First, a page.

Posted on behalf of Alan Boyd.

Mixer and headphones. Credit: Esteffect/Wikimedia Commons

A disclaimer: when it comes to communicating science, podcasting is my medium of choice. Though I’ve more recently made forays into writing, editing and public demonstrating, for me the draw of a live microphone and the prospect of a late night editing session cannot be beaten.

The term “podcasting”, a portmanteau of “iPod” and “broadcasting” was first coined by Ben Hammersley in the Guardian newspaper in February 2004. Other suggestions of a name for this new form of media included “audioblogging” and “GuerillaMedia”. A part of me wishes that the latter term had caught on.

My approach to podcasting has always been to use the freedom of the spoken word to add an accessibility and emotiveness to a featured science story that you might not get as easily from a written article. In the early days of the EUSci’s (the student-run science publication of the Edinburgh University, UK) podcast, our most accessible and engaging sections came from our group discussions. A good discussion required three things: a well written introduction, a number of important points to choose from within the story and most importantly a group of people who were enthusiastic about the subject to be discussed. While we occasionally failed on the first two points, we were never short on enthusiasm. The reason I think that science communication can

be performed so well through podcasting is that all scientists are obsessives, to varying degrees, and many can talk better than they write, due perhaps to a lifetime of writing for academic journals. When you get an obsessive talking about the subject of their fixation, their enthusiasm for the subject can be infectious, even if you don’t fully understand it. I think that it’s a lot easier to convey that enthusiasm by discussing a story at length and editing it into something more listenable than it is to interview someone to get just the right quote to use in a written piece.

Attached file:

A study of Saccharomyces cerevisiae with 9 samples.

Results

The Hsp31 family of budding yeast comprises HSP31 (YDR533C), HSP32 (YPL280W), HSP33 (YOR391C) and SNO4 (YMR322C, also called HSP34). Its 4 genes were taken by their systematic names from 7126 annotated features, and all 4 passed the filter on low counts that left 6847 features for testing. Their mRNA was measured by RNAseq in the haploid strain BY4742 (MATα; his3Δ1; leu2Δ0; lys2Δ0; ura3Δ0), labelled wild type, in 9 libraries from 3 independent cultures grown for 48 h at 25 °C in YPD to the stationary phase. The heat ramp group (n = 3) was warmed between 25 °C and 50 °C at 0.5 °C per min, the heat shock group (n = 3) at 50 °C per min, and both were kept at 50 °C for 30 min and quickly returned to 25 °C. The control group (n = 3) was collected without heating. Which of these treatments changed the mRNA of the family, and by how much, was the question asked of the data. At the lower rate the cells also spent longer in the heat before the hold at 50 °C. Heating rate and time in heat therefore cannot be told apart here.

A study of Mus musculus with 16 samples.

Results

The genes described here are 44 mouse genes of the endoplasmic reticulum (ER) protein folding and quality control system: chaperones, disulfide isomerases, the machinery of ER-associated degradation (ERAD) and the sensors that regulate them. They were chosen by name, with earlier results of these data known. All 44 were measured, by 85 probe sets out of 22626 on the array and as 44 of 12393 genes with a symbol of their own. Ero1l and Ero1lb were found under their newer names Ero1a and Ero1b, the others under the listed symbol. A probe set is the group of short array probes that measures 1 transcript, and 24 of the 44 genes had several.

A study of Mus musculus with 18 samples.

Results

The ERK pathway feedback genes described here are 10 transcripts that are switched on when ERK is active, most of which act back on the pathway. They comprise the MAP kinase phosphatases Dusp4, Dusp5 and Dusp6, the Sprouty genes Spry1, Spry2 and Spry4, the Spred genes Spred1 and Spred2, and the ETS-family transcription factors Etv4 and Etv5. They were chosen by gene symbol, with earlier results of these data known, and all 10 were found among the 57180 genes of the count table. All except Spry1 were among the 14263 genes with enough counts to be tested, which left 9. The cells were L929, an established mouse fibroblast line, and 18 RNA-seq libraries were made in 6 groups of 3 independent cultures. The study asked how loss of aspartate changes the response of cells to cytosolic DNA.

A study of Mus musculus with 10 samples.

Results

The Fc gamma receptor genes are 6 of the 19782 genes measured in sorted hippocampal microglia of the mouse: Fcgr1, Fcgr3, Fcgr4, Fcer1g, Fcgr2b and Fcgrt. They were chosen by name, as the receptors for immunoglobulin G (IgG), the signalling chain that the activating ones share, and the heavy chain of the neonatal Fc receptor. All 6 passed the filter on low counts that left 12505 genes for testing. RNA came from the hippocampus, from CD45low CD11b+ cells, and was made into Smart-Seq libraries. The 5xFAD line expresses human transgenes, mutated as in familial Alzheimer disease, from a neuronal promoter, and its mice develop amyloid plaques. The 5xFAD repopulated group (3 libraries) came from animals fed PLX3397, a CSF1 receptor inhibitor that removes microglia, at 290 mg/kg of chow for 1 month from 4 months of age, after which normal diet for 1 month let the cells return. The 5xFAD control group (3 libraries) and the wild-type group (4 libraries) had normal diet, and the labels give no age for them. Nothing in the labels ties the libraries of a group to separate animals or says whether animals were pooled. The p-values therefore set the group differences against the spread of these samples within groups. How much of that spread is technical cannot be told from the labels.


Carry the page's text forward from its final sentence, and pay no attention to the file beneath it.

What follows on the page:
And therein lies another advantage of podcasting—size. No longer are you limited to a word count, demonstration time-limit or a broadcast timeslot. If a section runs long, you can produce a slightly longer episode, or at most release a special episode including extra content for those who are interested enough. In this way podcasting is similar to online publishing and brings with it similar pitfalls. With no limits on how much content you can release, you can quickly dilute the quality of your output and as Myspace and YouTube have shown, if there’s one thing the Internet needs, it’s more unnecessary content…

Listening to a podcast can also give your visual system a much-needed rest. We increasingly spend our lives in front of screens of various sizes and often, (I’m almost ashamed to admit) after a day of programming, checking results and reading papers, the last thing I want to do is read more. With a podcast, I can learn and be entertained with my eyes shut—lazy science for the fatigued worker! In a similar way, with a podcast you can reach people when they’re away from a computer screen. Housework, washing the car, grocery shopping—all of these activities can be greatly improved by putting some science in your ears.

For all the myriad advantages of podcasting laid out above, even an evangelist of audio like myself must concede some issues: some scientists can’t get over their microphone fear or speak all that clearly or cogently; listeners must actively subscribe to your podcast feed and then remember to listen to it; in many cases, only a written piece can provide serious in-depth analysis of a piece of research, due to the equations involved or the amount of data required to understand the result. For instance, it’s very difficult to describe a graph adequately over a microphone. However, many of these problems can be applied to other forms of media for science communication and one former issue, equipment cost, is no longer valid.

With a modern laptop computer with a built-in microphone, some free software and a little experimentation (which should come easily to a scientist), a listenable podcast can be produced for no additional cost.

So hit record and start talking, you never know who might want to listen.